Laverett v. Continental Briar Pipe Co., 25 F. Supp. 790 (E.D.N.Y. 1938)
December 28, 1938
CONTINENTAL BRIAR PIPE CO., Inc.
District Court, E. D. New York.
Evarts, Choate, Curtin & Leon, of New York City, for plaintiff.
Safirstein & Handel, of New York City, for defendant.
BYERS, District Judge.
Motion by plaintiff for an order compelling the continuation of the taking of the deposition of the witness Gevirman pursuant to notice, stipulation, and order of the court of November 3, 1938.
The defendant makes a cross-motion for the suppression of the deposition pursuant to Rule 32 (d), Rules of Civil Procedure *791 for District Courts, 28 U.S.C.A. following section 723 c.
These motions have engendered about fifty-eight typewritten pages of affidavits and counter-affidavits, and a four-page brief; a statistical commentary on the extent to which simplification of practice thus far has been promoted in this litigation which is said to involve a sum in the neighborhood of $3,000.00.
Defendant wishes to suppress some twenty-eight pages of testimony heretofore taken, for the reason that Rule 28 is said to have been offended because the deposition was taken and transcribed by a stenographer in the employ of the plaintiff's attorneys.
It is true that the lady is so employed.
It is equally true that on September 30th, last, a written stipulation was entered into between the respective attorneys, adjourning the taking of the deposition of the witness in question, then scheduled for October 18, 1938, to the 26th day of the same month, which recited that the witness should be duly sworn before a notary public, and that the testimony should be taken before any of five named persons, among whom was included the one who officiated.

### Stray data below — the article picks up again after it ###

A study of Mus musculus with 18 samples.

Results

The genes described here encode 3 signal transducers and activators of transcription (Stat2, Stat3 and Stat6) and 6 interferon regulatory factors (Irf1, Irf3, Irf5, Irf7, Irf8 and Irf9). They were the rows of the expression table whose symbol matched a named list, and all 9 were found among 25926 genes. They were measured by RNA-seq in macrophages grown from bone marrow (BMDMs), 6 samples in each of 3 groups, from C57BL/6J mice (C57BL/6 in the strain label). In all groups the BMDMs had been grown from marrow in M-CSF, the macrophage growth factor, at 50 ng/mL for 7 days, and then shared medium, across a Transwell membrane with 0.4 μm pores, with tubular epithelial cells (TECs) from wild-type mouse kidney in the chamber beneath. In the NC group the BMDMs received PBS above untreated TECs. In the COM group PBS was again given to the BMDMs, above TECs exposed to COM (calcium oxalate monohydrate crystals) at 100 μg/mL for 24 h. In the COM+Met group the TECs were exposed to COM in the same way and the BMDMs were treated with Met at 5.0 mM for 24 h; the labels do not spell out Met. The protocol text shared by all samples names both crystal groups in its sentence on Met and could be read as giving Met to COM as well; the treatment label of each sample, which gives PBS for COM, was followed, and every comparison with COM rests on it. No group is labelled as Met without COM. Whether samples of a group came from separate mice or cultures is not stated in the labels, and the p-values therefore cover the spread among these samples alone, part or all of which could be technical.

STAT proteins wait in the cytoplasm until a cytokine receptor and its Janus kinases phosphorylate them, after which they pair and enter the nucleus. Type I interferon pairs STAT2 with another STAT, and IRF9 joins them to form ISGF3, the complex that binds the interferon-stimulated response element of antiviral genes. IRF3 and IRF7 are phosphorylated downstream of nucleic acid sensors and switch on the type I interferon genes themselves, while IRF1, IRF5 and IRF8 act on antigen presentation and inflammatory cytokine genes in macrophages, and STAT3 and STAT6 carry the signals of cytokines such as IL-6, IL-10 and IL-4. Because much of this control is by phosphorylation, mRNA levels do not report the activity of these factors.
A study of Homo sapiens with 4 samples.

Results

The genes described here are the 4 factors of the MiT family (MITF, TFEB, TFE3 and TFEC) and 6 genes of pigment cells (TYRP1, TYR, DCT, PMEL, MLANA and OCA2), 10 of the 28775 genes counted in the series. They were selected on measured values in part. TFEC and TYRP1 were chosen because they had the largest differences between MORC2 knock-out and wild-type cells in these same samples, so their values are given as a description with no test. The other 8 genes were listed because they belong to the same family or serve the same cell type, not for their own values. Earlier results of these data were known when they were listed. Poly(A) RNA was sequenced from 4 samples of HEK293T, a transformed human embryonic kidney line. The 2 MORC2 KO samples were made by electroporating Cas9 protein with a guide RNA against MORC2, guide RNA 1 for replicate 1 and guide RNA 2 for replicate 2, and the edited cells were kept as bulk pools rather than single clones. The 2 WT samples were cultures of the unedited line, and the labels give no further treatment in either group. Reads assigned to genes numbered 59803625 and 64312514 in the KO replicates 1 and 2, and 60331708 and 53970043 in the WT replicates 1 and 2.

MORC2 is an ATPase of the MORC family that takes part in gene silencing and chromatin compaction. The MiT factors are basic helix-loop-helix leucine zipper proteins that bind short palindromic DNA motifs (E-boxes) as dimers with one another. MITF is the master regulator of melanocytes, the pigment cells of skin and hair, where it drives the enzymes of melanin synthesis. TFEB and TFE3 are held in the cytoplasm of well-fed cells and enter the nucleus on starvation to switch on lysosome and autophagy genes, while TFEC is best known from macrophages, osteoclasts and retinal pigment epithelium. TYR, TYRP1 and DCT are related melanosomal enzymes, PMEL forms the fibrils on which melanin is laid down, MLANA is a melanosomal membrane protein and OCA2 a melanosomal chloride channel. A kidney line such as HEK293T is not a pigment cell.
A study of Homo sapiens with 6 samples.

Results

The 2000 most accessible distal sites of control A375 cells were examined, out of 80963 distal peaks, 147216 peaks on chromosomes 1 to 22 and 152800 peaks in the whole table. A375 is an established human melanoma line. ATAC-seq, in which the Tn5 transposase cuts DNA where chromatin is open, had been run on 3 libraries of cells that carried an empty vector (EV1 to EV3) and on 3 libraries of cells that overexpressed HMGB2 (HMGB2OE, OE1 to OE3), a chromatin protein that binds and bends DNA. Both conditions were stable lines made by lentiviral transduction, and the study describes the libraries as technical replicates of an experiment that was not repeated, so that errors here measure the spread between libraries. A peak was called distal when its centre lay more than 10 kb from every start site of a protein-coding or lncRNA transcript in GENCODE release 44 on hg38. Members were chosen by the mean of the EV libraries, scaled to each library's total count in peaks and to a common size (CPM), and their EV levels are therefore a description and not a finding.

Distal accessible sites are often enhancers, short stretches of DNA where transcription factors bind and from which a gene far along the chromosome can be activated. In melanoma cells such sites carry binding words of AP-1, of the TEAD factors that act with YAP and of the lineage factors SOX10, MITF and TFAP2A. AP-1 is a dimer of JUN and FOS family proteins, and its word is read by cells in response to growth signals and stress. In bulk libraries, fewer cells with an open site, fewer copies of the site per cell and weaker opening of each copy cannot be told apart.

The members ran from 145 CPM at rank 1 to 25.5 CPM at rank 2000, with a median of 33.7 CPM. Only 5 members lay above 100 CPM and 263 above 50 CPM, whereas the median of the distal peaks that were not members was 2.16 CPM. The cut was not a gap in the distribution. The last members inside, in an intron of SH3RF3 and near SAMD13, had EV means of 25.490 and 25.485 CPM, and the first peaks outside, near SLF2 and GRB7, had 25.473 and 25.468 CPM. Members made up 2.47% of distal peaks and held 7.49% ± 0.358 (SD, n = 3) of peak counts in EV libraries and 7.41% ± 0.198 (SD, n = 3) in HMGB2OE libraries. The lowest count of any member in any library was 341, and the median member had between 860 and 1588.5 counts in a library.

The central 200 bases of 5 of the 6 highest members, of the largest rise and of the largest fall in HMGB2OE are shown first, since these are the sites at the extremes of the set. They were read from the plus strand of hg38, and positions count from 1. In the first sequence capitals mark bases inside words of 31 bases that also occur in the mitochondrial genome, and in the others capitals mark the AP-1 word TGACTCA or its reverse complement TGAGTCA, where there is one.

The defendant's attorney asserts ignorance at that time of the lady's employment, and that it was not discovered by him or his client until December 6th, the last adjourned date, and after the taking of nearly twenty-seven pages (legal cap) of testimony.
There is a dispute between the several deponents as to whether the defendant's attorney was apprised, at the time of the signing of the original stipulation, concerning the point upon which he now bases his objection, but no reason is seen for undertaking to resolve that issue.
It would seem that, if the defendant's attorney saw fit to enter into a stipulation without first satisfying himself as to the possible disqualification of any of the named persons under Rule 28 (c), 28 U.S.C.A. following section 723c, he must be taken to have waived the objection, as contemplated by Rule 29, and consequently the deposition should not be suppressed.
If he has any misgivings as to the fidelity with which the lady has performed her functions heretofore, and wishes to be relieved of his stipulation on that ground, it would be the duty of the court to permit him to do so, which would simply mean that some other stenographer would function in the future. If the parties are unable to come to agreement on this important issue, the court will undertake to appoint a master to preside over the taking of further testimony and he will appoint a stenographer.
The result is that the plaintiff's motion to compel the continuation of the taking of the deposition of the witness Gevirman will be granted and the defendant's cross-motion will be denied.